Often overlooked, OS X's humble Command-Tab functionality could significantly enhance your productivity.
Regardless of the application you're currently using, Command-Tab calls up an application switcher overlay with icons representing all running applications. Continue to hold the Command key, but repeatedly hit Tab, and you'll cycle through them one by one. Release the Command key and the application whose icon is selected will jump to the 'front'.
One of the many situations in which I repeatedly use this shortcut is when I'm tracking in a DAW and I need instant access to my audio interface's mixer, in order to manage headphone mixes. This 'switcher' makes it easy to flip back and forth between my interface's mixer software and my DAW, making the application invaluable. It can do more than this, though...
Command & Conquer
For a kick-off, there's a handful of complementary shortcuts. Enter the application switcher and, with the Command key still down, a tap of 'Q' will quit the selected application, while 'H' will hide it. The grave accent key, which on my UK keyboard is between the left Shift key and 'Z', moves the application selection to the left. Escape exits the switcher altogether without anything happening. I can also use my mouse/trackpad pointer (or scroll wheel) to select an application icon, before clicking on it to make the switch.
Here's one last shortcut, while we're on the subject: with an application selected in the switcher, try tapping the number '1', nearest the Escape key. In recent versions of OS X, this shows an overview of all the open windows of that application. Pointing at and clicking one brings it, and its application, to the front.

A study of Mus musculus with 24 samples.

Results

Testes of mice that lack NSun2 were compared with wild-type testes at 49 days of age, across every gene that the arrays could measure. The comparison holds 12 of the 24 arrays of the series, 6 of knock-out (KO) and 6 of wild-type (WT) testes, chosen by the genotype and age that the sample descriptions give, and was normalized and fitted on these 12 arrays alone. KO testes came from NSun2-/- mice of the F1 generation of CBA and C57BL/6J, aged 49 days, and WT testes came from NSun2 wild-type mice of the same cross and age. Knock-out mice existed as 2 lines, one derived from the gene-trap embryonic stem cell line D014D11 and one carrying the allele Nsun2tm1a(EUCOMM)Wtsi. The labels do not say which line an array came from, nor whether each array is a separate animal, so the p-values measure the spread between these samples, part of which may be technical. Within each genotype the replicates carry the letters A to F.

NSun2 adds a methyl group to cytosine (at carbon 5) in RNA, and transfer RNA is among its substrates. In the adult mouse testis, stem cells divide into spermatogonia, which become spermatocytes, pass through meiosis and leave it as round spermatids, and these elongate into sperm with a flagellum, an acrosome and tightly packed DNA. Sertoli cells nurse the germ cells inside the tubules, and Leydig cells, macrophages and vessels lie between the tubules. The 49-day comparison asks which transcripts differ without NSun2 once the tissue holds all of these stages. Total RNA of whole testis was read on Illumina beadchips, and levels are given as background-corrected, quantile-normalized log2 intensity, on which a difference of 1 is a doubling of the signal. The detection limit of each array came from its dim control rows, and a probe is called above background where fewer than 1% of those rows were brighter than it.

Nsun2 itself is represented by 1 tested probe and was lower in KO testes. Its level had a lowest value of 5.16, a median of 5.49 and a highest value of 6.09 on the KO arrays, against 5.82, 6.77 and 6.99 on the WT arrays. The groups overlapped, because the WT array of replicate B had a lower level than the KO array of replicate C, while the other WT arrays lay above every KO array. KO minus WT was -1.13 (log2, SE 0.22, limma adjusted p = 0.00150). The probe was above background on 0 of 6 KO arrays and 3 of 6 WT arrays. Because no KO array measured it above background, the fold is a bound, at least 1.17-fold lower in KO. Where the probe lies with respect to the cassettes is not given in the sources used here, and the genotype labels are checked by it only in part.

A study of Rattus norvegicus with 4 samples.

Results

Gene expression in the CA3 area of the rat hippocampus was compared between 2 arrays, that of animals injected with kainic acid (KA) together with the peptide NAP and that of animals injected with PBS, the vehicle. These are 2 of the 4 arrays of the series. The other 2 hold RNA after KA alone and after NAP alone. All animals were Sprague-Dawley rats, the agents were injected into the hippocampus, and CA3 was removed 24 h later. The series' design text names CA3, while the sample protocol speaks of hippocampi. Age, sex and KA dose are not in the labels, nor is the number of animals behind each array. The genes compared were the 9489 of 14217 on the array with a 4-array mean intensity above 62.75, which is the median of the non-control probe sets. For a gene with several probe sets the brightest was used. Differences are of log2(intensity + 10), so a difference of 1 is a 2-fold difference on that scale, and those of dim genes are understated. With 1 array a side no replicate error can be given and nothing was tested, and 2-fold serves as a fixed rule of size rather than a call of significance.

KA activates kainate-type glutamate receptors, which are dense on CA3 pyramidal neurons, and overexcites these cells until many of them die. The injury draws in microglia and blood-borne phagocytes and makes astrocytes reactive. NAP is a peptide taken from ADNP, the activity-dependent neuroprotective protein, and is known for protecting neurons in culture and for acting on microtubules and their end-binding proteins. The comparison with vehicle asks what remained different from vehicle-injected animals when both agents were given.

The F Factor
Dovetailing nicely with Command-Tab are various features that, in Lion and Mountain Lion, are called Mission Control, and which had very similar counterparts in earlier versions of OS X. A trio of F-key shortcuts is the easiest way into them.
First, F11 pushes all open windows out to the very edge of the screen, so you can see and get to things on your desktop. Let's say I have an audio file on my desktop that I want to drag into a track in my DAW. I can tap F11 to temporarily clear away my DAW, click and begin to drag the audio file, hit F11 again to restore the DAW, and then drop the audio file into the track.
Meanwhile, F10 gives an overview of all open windows of the current application (just like that last application switcher shortcut I described above). If you subsequently press Tab, you'll cycle through other applications' windows too.
F9 shows you miniature versions of the open windows of all applications (and in recent releases of OS X, in this 'Mission Control' view, they're tagged with application icons and names too). As you point at windows, they get an outline to show they're selected. Press the spacebar and you'll call up a more detailed Quick Look view; press it again to close it. Clicking a window causes it, and its application, to become active, and the 'all applications' view closes automatically.
Fn For All
On many Macs, and in recent versions of OS X, some 'F' keys can act as brightness, loudness and iTunes transport controls, among other things. If that's how yours work, the straight F-key functionality can be accessed by holding down the 'fn' (function key) prior to pressing the 'F' key. Alternatively, go into System Preferences, and the Keyboard pane, and you'll find a tick box that effectively toggles your keyboard between the two roles.